Choked with high air pollution and chronic traffic congestion, the Egyptian capital is struggling to shed off this image.
Cycling seems one key. Local authorities in Cairo, one of the world’s most populous cities, this week unveiled a project aimed at weaning people from private and public motor transport to bicycles.
Titled “Biskelta”, Arabic for “A bicycle”, the project targets areas in the vicinity of the city’s subway system, pedestrians-only areas as well as surroundings of the main two state-run universities in Cairo.
“The state seeks to encourage citizens to reduce the use of private cars by providing a safe and inexpensive means of transport in order to ease overcrowding and curb air pollution,” Cairo Governor Atef Abdul Hamid said after he signed an agreement on the project with the United Nations Humanitarian Settlements programme, UN-Habitat.
“Both sides have agreed on sites of the project, its management and building lanes for bicycles in the designated areas in order to ensure safe use of bicycle sharing.”
Abdul Hamid said that the project has received backing from President Abdul Fattah Al Sissi. Since he took office in 2014, Al Sissi has been seen on several occasions participating in street cycling rallies.
Young people, who account for more than 60 per cent of Egypt’s 93 million population, are the main target group of the group, according to Abdul Hamid.
The project, expected to cost 30 million Egyptian pounds (Dh5.1 million), is based on picking, riding and parking bikes in designated brackets.
“The bike-sharing system has been tried around the world and has proved success in encouraging the use of non-motorised transport,” Rania Hedeya, the UN habitat manager in Egypt, said at the signing ceremony.
“Cairo is seeking to benefit from global experiences in the transport field, especially those cutting pollution,” she added.
More than 20 million people are estimated to living in the Greater Cairo zone that includes Cairo and the adjoining cities of Giza and Qaliubia.
The Egyptian government is currently building a new administrative capital outside Cairo with the aim of easing population and bureaucratic pressures on the age-old capital.
The “Biskelta” project is part of ongoing efforts to upgrade the urban transport system in Cairo, according to Khalil Saad, an adviser to the Cairo governor.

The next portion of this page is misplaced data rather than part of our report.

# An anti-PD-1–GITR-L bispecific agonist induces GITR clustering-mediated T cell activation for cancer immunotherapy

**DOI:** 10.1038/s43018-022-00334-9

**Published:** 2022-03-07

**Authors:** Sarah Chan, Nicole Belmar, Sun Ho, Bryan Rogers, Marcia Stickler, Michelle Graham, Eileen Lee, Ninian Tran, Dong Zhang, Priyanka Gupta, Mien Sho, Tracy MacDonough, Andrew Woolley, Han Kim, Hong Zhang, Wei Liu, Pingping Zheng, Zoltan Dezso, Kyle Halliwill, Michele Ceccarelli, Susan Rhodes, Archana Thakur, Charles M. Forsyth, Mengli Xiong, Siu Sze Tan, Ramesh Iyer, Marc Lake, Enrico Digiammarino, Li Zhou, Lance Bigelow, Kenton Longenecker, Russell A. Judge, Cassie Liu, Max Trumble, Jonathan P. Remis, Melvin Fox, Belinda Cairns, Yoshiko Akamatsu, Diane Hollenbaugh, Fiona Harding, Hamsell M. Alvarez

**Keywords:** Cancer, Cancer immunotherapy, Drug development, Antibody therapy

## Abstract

“The bikes will become part of public transport in Cairo. They will be available at designated places where the citizen will ride the bike to reach the nearest place where he’ll leave it,” Saad told private television station Al Mehwar.
This bike-sharing scheme will be covered by a protection tracking system, the official added.
“There will be a public awareness programme before the project comes into effect.”
He did not provide details about the timetable of the project or fees for individual use.
The idea of introducing a bike-sharing system into Cairo has enthralled some residents of the sprawling city.
“This is good news for Cairo, its people and the environment,” Wajdi Mahmoud, an engineer, said enthusiastically.
“Encouraging people to ride bikes will certainly help in controlling air pollution, a matter that will have a positive effect on the public health and the capital’s environment.”
The 38-year-old man said he has the habit of riding his bicycle on weekends when Cairo usually has light traffic as part of his exercising.
“Doing this on other days will be a kind of madness because you can’t compete with cars and pedestrians, who don’t need any of road rules,” Mahmoud said.
“Let’s hope the ‘biskelta’ project will be the first step in spreading the bike culture in Egypt. Lanes for bikes should be part of the new network of roads,” he added, referring to an ongoing massive scheme undertaken by Al Sissi’s administration to revamp and expand the nation’s routes.